By Michelle Kerns

Fennel is low in fat and calories, cholesterol-free and high in dietary fiber. It also contains compounds that may help improve the health of diabetics. A vegetable native to the Mediterranean and parts of Asia, fresh fennel has stems, leaves and base that can be used raw or cooked in salads, soups and stir-fries. Research studying the effect of fennel on diabetes used high doses of extracted compounds and should not be duplicated at home. Do not attempt to manage diabetes with fennel until you've first spoken to your doctor.

Effect on Blood Glucose

In a study published in 2008 in the journal "Plant Sciences Research," researchers looked at the effect of giving fennel essential oil to rats. The scientists reported that a dose of 250 milligrams per kilogram of the fennel oil reduced the blood glucose level of the rats. A later study included in the June 2011 issue of the "Macedonian Journal of Medical Sciences" determined that fennel essential oil could lower the blood sugar levels of diabetes-induced rats. Research on human subjects is needed before fennel oil can be recommended as a safe and effective diabetes treatment.

Antioxidant Benefits

Fennel is a good source of the antioxidant vitamin C, with 1 cup of the sliced vegetable containing 10.4 milligrams of the nutrient, or 11.5 percent of a man's recommended daily intake and nearly 14 percent of a woman's requirement per day. A high intake of vitamin C may lower the blood sugar and circulating lipid levels of people with Type 2 diabetes, reported an "Indian Journal of Medical Research" study in 2007. Beta carotene, another antioxidant found in fennel, is also linked to a decrease in cholesterol levels in Type 2 diabetics.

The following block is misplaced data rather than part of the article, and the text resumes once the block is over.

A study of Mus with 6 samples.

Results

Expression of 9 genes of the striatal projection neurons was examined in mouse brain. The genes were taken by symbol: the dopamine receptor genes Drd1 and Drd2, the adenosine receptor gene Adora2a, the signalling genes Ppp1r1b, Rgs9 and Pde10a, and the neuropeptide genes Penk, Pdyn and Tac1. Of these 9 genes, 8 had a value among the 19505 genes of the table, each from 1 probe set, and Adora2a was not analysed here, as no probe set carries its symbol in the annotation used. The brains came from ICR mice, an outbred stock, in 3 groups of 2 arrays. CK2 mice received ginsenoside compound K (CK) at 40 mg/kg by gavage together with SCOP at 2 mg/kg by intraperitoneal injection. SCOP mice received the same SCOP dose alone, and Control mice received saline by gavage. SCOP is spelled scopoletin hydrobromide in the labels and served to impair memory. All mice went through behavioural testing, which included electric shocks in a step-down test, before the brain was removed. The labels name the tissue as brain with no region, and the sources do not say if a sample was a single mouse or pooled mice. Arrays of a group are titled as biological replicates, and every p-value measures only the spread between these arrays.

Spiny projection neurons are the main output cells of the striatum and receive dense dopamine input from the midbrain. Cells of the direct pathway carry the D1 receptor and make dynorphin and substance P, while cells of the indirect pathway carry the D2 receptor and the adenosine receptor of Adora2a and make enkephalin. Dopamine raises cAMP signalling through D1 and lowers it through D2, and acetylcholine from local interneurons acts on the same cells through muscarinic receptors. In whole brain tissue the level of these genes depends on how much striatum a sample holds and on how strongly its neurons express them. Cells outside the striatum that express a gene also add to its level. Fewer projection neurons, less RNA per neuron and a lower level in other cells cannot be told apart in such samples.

The American Diabetes Association advises diabetics to follow a diet that includes plenty of foods with a low glycemic index. These are foods that can help keep blood sugar levels stable since they do not cause rapid changes in your blood glucose. Nonstarchy vegetables such as fennel have a low glycemic index -- below 55 -- and are considered good additions to a diabetic diet, whereas foods with a medium glycemic index of 56 to 69 and high-glycemic items with a score of 70 or higher should be eaten less often.

Recommended Intake

At each meal, diabetics should aim to fill at least half of their plates with cooked or raw nonstarchy vegetables like fennel, says the ADA. Choose low-fat cooking methods such as steaming, roasting or grilling and avoid butter in favor of a small amount of mono- or polyunsaturated oils like olive, canola, sunflower or safflower oil. To help keep your sodium intake under control, use dried fennel seeds -- both ground and whole -- along with other herbs and spices instead of salt or high-sodium seasoning mixes to flavor your food.